By Siddhant Mishra
The Reserve Bank of India’s consistent hike in benchmark rates, followed by banks, might be bad news for borrowers, but debt fund managers are beginning to see inflows into their schemes.
The Association of Mutual Funds in India (Amfi)’s November data showed net inflows into equity mutual funds (MFs) were down 75% on a monthly basis – from Rs 9, 390 crore to ₹2,258 crore.
However, debt funds are beginning to find favour. These schemes, which had witnessed net outflows of ₹2,818 crore in October, recorded net inflows of ₹3,669 crore in November.
According to Amfi data (see chart 1), while funds with shorter tenures have seen heavy outflows, those of longer duration and gilt funds have seen gradual rise in inflows.
Interestingly, categories such as index funds (fixed income) and fixed income ETFs have consistently been receiving flows during the last three months (see chart 2), according to Morningstar.
Vikas Garg, head of fixed income at Invesco MF, in an interview with FE, had said funds of 2-4-year duration were the ones to bet on, and there was no need for investors to be paranoid due to the volatility, and thus park their money in overnight or ultra-short duration funds.
Many asset management companies have launched target maturity funds during the course of the year. These have managed to garner significant investor interest, as yields have gradually been rising, says Morningstar India.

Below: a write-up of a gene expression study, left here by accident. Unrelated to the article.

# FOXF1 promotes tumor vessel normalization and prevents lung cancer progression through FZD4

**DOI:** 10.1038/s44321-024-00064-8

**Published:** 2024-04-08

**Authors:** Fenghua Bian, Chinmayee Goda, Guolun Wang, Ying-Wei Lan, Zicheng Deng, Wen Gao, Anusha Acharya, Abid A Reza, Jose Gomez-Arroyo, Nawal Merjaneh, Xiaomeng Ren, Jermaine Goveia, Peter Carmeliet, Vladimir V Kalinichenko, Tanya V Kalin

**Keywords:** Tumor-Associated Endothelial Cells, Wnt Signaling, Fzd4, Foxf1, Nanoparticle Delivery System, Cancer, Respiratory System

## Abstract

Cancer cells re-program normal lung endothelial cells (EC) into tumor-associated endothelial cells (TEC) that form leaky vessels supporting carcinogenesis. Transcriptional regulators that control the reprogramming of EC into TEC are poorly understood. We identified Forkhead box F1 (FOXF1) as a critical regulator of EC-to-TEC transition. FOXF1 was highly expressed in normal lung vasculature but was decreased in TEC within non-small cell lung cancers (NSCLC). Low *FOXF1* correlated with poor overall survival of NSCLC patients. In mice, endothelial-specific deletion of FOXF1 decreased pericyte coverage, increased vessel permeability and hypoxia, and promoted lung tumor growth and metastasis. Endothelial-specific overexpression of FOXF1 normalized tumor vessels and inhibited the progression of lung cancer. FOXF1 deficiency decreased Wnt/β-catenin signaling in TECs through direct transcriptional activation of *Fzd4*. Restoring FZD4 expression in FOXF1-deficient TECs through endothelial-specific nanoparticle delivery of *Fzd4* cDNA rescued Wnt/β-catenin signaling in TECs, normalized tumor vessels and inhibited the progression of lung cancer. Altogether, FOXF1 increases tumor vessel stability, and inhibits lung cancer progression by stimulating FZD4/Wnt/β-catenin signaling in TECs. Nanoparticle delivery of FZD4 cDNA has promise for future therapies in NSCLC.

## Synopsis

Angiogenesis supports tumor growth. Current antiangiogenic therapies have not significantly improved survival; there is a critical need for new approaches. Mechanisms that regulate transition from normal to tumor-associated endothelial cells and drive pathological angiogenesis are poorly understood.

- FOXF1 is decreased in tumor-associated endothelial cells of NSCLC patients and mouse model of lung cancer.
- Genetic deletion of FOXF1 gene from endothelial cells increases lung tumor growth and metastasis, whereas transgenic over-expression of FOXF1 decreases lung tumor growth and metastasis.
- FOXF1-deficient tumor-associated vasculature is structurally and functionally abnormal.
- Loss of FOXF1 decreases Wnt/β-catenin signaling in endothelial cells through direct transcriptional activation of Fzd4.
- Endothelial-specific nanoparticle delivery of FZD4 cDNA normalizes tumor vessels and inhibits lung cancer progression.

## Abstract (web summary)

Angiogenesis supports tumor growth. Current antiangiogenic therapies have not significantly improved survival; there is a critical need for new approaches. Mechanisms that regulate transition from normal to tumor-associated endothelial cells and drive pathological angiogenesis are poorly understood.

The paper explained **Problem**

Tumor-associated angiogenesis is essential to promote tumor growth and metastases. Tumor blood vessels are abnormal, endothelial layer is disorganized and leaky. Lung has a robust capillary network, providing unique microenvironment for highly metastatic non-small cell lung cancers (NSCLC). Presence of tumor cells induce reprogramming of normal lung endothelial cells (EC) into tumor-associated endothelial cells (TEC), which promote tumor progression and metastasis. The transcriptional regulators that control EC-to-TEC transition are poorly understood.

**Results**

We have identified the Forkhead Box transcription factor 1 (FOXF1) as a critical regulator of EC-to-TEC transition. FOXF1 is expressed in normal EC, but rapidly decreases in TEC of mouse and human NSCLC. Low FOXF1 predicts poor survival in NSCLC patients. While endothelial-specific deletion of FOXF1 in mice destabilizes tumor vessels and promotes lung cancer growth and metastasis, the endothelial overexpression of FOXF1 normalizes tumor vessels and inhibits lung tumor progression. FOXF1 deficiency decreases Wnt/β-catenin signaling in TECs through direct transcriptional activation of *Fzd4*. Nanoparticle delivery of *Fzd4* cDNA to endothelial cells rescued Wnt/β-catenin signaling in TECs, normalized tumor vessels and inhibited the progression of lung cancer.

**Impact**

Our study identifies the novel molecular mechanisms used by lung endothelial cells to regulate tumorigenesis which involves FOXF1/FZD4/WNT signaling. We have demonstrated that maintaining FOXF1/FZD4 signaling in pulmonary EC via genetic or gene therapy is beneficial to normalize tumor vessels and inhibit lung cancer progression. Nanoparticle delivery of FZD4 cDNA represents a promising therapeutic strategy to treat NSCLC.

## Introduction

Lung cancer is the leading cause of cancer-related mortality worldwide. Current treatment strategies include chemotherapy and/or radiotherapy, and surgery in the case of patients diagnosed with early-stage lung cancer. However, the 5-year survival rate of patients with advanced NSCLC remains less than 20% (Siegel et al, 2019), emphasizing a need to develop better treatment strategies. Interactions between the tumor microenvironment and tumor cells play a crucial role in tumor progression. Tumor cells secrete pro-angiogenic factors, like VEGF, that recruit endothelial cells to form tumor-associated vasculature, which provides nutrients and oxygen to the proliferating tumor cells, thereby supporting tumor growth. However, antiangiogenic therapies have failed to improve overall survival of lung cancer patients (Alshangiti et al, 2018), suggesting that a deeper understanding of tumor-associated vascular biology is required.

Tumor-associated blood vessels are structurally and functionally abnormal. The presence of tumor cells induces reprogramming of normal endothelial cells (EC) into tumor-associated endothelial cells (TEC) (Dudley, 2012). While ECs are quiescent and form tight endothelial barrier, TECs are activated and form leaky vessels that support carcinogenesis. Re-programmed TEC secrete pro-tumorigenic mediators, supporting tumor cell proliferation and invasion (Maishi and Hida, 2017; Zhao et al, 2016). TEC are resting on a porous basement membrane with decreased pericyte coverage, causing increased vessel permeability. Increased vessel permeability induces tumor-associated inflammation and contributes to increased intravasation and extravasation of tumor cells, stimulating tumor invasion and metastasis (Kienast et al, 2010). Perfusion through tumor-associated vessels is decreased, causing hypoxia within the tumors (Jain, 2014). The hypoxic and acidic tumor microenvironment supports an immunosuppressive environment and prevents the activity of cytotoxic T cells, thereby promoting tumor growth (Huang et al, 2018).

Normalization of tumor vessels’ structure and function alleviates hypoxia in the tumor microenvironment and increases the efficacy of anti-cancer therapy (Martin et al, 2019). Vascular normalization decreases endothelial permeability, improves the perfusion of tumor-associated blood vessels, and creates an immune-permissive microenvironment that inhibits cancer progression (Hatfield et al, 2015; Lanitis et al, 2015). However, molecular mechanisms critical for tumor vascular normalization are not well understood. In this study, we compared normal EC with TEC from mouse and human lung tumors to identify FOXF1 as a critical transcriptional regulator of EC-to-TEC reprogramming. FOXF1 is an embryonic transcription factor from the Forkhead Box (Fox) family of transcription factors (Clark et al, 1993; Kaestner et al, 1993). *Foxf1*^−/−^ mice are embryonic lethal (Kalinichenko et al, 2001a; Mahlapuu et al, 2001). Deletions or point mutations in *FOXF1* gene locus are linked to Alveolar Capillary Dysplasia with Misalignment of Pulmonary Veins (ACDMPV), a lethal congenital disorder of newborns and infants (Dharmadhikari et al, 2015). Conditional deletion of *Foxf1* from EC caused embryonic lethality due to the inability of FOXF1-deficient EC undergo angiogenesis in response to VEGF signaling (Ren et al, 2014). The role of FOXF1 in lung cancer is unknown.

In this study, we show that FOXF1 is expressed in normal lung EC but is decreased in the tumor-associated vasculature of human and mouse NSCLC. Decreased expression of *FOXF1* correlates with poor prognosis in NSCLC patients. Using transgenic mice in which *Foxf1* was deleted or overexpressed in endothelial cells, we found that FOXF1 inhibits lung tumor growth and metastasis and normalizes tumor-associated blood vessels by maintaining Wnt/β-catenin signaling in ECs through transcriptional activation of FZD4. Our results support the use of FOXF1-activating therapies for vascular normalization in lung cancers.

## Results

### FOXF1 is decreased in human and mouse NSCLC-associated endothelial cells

Sanjay Pawar, fund manager at LIC MF, said: “Our house view is that with equity markets remaining volatile and yields getting attractive, retail investors are shifting to debt. The same is expected to continue in the near term.”
According to him, yields may have peaked and majority of the negatives have already been priced in. On the contrary, crude prices have fallen, inflation (both global and domestic) is declining, huge borrowings from states and the Centre have sailed through smoothly, and the rupee is stabilising. “This is why a carry of over 7% may be very attractive. This makes long-duration funds attractive to investors for 3-5-year periods,” he said.